Caring for an Alzheimer's Disease Patient
How to Evaluate a Nursing Home
Over 1.6 million Americans are residents of more than
18,000 nursing homes located
in this country. Nursing homes can either be permanent residences for people who
are too frail or sick to live at home or temporary facilities for use during the
recovery period from illness or injury. When a family member needs a
nursing home, it can often be challenging to find the right facility. The
following questions can help you evaluate nursing homes to find the best fit for
- First of all, is the nursing home Medicare- or Medicaid-certified? Does it
provide the level of care required for your family member? Is the facility
accepting new residents?
- Is the location of the facility convenient for family members and friends?
- What is your impression of the physical environment? Is the facility
clean, well-lit, with safe and comfortable furnishings? Is the home smoke-free,
or is smoking restricted to certain areas? Is the building free of unpleasant
smells? Are the surroundings peaceful and quiet?
- Is there a licensed physician on staff? Is the doctor there every day? If
not, is he or she easily reachable in case of need? Can residents see their
personal doctors if they wish or are they required to be treated by the house
- Does the nursing home perform background checks on staff members?
Quick GuideAlzheimer's Disease Pictures Slideshow: A Caregiver's Guide
Tips for Caregivers of a Person with Alzheimer's Disease
Caring for a person with Alzheimer's disease at home is a difficult task and can become overwhelming at times. Each day brings new challenges as the caregiver copes with changing levels of ability and new patterns of behavior. Research has shown that caregivers themselves often are at increased risk for depression and illness, especially if they do not receive adequate support from family, friends, and the community. One of the biggest struggles caregivers face is dealing with the difficult behaviors of the person they are caring for. Dressing, bathing, eating—basic activities of daily living—often become difficult to manage for both the person with Alzheimer's and the caregiver. Having a plan for getting through the day can help caregivers cope. Many caregivers have found it helpful to use strategies for dealing with difficult behaviors and stressful situations. Through trial and error you will find that some of the following tips work, while others do not. Each person with Alzheimer's is unique and will respond differently, and each person changes over the course of the disease. Do the best you can, and remind yourself to take breaks.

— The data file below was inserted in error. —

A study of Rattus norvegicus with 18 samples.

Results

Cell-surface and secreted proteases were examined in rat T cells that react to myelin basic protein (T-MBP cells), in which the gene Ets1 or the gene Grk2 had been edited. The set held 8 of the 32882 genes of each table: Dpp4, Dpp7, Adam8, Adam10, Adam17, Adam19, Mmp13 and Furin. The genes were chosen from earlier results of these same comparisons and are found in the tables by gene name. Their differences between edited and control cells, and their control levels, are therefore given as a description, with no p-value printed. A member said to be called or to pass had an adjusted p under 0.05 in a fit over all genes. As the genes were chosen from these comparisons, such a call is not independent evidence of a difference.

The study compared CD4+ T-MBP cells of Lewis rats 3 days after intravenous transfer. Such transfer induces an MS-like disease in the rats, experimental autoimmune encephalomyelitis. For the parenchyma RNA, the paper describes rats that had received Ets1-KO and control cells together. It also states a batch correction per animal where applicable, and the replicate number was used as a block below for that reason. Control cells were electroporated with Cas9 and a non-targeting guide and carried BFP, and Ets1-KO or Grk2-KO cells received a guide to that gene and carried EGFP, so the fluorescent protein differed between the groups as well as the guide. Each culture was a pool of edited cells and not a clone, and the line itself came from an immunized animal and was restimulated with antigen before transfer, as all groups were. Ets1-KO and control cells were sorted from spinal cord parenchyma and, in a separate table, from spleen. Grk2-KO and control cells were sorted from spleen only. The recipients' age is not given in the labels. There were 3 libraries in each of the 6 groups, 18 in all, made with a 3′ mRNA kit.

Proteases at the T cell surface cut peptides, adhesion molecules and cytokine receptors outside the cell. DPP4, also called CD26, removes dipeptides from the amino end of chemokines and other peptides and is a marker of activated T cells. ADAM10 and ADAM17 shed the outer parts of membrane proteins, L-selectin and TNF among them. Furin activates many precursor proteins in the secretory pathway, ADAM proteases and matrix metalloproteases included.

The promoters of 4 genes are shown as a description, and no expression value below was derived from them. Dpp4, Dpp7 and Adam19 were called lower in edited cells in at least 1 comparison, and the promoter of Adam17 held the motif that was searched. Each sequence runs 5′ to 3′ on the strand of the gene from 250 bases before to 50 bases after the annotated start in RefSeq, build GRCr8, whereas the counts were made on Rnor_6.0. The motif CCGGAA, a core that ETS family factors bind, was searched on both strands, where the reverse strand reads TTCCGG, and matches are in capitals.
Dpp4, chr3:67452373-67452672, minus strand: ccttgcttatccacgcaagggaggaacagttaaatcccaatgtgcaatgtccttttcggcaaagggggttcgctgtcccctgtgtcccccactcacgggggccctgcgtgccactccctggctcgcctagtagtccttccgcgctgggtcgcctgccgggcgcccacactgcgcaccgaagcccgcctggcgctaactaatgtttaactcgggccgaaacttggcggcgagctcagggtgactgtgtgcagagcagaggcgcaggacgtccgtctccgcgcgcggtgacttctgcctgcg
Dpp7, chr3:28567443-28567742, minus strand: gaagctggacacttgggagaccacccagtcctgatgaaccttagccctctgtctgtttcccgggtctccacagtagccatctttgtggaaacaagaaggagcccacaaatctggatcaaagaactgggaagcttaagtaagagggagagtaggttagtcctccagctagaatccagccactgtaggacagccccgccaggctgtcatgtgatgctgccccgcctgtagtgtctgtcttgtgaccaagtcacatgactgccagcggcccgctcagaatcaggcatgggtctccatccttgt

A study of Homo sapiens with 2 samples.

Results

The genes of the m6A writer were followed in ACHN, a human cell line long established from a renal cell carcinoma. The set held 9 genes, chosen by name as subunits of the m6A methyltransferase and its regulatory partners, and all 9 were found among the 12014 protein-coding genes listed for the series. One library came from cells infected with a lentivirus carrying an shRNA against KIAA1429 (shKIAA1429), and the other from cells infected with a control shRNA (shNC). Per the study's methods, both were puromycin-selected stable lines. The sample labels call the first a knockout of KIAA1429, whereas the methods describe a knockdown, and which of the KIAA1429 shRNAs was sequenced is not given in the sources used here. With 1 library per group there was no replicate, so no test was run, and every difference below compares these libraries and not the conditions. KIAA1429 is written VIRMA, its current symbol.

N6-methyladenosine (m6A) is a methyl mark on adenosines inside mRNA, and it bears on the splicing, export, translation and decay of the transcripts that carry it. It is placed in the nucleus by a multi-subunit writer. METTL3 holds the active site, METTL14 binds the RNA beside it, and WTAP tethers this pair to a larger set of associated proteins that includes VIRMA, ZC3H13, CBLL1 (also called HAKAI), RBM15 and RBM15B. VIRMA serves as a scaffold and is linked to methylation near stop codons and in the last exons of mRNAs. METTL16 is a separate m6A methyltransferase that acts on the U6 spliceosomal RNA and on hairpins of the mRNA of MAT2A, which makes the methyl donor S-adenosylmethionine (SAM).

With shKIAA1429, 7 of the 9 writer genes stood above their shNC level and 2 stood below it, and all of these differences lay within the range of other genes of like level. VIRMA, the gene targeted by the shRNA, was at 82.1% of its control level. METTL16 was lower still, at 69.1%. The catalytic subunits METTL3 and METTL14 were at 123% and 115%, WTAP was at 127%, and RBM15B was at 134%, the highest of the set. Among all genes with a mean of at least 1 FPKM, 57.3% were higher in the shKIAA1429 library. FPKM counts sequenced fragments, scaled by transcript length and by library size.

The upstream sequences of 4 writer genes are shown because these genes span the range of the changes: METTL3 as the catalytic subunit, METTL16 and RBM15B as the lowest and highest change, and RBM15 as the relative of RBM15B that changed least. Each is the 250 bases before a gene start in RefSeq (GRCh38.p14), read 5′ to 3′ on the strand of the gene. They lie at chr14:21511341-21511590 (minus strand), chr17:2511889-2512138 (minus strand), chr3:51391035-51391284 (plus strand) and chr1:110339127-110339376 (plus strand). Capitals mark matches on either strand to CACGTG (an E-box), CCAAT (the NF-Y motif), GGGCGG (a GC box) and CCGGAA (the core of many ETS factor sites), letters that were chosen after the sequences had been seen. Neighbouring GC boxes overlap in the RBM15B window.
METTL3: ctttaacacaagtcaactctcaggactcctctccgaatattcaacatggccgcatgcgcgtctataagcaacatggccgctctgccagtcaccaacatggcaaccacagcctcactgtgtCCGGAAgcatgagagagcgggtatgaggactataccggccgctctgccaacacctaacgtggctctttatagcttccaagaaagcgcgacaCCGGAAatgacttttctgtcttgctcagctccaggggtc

Dealing with the Diagnosis of Alzheimer's Disease
Finding out that a loved one has Alzheimer's disease can be stressful, frightening, and overwhelming. As you begin to take stock of the situation, here are some tips that may help:
- Ask the doctor any questions you have about Alzheimer's disease. Find out what treatments might work best to alleviate symptoms or address behavior problems.
- Contact organizations such as the Alzheimer's Association and the Alzheimer's Disease Education and Referral (ADEAR) Center for more information about the disease, treatment options, andcaregiving resources. Some community groups may offer classes to teach caregiving, problem-solving, and management skills. See "For More Information" below to contact the ADEAR Center and a variety of other helpful organizations.
- Find a support group where you can share your feelings and concerns. Members of support groups often have helpful ideas or know of useful resources based on their own experiences. Online support groups make it possible for caregivers to receive support without having to leave home. The Alzheimer's Association and other organizations sponsor support groups.
- Study your day to see if you can develop a routine that makes things go more smoothly. If there are times of day when the person with Alzheimer's is less confused or more cooperative, plan your routine to make the most of those moments. Keep in mind that the way the person functions may change from day to day, so try to be flexible and adapt your routine as needed.
- Consider using adult day care or respite services to ease the day-to-day demands of caregiving. These services allow you to have a break while knowing that the person with Alzheimer's is being well cared for.
- Begin to plan for the future. This may include getting financial and legal documents in order, investigating long-term care options, and determining what services are covered by health insurance and Medicare.